If Miami doesn’t win its division this year, one big reason might be because of its defense. Specifically, this RedHawk defense hasn’t been able to make enough stops against the pass. Even with six sacks on its side, Miami still lost Saturday 13-12 at Eastern Michigan with the one and only touchdown scored in the game coming from EMU though the air.
EMU came into the season without a great plan for what to do with the two QBs on its roster: Ben Bryant and Preston Hutchinson. Fast-forward a few weeks, EMU figured that it’d be better off living off of Bryant’s right arm instead of the feet of the returning QB Hutchinson. So far, that’s been working out as well as the team could’ve asked for with wins over UMass, Texas State, and now Miami. After last week’s loss at Northern Illinois, Bryant was the MAC’s leader in passing (9.1 yards/attempt) and still had a lot more to prove against the RedHawks.
Bryant’s game plan of playing darts to get Dylan Drummond the ball seven times (93 yards) and Hassan Beydoun the ball six times (52 yards) paid off for the Eagles. Bryant finished the day 21/31 passing for 206 yards for 1 TD (to Bryson Cannon) and 1 INT. There weren’t a ton of big plays out of this EMU offense, but there were just enough to keep things moving downfield.
That’s just how the game is played these days though. The ball is thrown up so many times that it doesn’t take as much time for teams to put points on the board. And if receivers know how to use their strength, speed, and abilities to pick up extra yards, then there’s a good chance that the scoreboard keeper might have a busy night. EMU’s receivers aren’t the best that this league, let alone the defense in front of them on Saturday, has ever seen, but their abilities to get open while Bryant fought to get the ball out of his hands created just enough first downs in this game.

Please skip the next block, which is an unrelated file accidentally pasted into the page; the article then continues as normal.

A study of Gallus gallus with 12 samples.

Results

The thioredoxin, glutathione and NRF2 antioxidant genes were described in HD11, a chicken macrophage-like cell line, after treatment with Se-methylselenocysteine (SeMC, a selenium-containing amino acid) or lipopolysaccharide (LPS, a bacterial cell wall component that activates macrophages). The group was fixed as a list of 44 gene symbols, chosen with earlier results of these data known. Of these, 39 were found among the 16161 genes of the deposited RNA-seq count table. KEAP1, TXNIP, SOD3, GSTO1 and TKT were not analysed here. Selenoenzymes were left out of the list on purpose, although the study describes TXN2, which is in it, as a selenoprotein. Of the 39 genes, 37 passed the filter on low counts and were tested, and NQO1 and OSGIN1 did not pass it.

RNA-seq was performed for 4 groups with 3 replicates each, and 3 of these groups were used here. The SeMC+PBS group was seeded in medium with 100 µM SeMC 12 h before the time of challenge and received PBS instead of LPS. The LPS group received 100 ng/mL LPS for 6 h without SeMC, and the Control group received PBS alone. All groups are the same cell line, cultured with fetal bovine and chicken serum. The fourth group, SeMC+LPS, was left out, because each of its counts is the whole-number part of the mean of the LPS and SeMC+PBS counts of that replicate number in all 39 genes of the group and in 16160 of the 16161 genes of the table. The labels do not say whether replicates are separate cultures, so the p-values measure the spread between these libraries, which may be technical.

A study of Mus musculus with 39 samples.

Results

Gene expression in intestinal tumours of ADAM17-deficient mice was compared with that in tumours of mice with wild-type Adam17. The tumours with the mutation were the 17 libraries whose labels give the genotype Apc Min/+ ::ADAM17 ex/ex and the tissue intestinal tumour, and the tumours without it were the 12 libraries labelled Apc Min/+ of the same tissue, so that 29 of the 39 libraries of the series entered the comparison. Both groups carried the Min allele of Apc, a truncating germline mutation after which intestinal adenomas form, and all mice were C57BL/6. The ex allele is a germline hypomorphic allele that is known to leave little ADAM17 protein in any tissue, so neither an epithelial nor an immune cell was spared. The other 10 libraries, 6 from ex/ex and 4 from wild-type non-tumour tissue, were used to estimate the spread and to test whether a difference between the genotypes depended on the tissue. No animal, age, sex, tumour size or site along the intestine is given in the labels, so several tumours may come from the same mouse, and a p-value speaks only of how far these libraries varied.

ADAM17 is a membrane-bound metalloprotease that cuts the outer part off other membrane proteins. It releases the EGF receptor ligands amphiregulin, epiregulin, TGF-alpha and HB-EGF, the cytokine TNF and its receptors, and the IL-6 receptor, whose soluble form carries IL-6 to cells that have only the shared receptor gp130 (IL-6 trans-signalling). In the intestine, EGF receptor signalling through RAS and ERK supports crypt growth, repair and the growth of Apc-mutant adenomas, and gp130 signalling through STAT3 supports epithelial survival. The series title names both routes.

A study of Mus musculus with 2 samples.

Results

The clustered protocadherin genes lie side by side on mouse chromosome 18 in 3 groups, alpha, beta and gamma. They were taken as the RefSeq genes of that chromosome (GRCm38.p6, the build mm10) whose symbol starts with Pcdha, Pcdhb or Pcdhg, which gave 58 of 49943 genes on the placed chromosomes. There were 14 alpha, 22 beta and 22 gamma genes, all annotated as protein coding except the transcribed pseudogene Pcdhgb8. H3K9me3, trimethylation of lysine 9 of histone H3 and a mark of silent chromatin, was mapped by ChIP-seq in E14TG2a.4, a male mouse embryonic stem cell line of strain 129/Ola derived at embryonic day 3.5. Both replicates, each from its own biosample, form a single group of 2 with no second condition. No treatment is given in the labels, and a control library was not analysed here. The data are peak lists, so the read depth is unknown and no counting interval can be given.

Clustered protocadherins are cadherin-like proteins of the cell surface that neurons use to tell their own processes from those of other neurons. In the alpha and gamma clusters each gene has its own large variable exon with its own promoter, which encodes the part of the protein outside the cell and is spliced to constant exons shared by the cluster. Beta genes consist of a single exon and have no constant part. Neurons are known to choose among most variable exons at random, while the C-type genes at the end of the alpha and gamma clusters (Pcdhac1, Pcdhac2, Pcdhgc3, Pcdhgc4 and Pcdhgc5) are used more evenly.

Defensively, putting pressure on the quarterback is a great way to stop the ball from getting downfield before the ball is even thrown, but no team wins 100% of their snaps in those ways. That’s the problem Miami’s finding themselves in right now because it’s doing both of those things at a noticeable level. Miami came into Saturday’s game as the MAC’s leader in tackles for loss (38 for 155 yards lost) and eighth in the MAC in yards per pass attempt allowed (8.2).
In 2017, Miami’s defense allowed 52.6% of passes against it, and 6.6 yards per attempt. Now, four years later, Miami’s percentage of passes thrown against it is up by over 10% with almost a whole eight yards picked up against the RedHawks per pass attempt. And if there’s any cause for concern out of me for this program, it’s the start of seeing this defense take a step back when the havoc is still being brought.
Miami’s offense didn’t even score a touchdown on the road!
Look, I’m not trying to ignore how much work Miami needs on the other side of the ball. This year’s Miami group is the first one to go without scoring a touchdown at Rynearson Stadium for the first time since 2008 when the Eagles stomped Indiana State 52-0. The last time before that came in 2007 when EMU beat rival Western Michigan 19-2.
Miami’s got its issues on offense, of course. But this is also Chuck Martin’s eighth year leading the Miami football program and I can’t remember a time when Miami’s offense was legitimately something that’d keep defensive coordinators up at night. He’s a defensive minded guy that knows how important it is for his team’s defensive line to continually apply pressure on the other team. But when the pressures don’t always result in drive stops and when the RedHawk offense is averaging only (/checks notes…) 11 points per game this season, then you know that at least one of two things needs to be fixed. Miami needs to either show instant improvement against the pass through improved secondary play (EMU picked on CB Cedric Boswell all afternoon), or improved consistency out of its offense.
Chances are if neither gets fixed, then Miami could finish in the bottom half of the East race this year.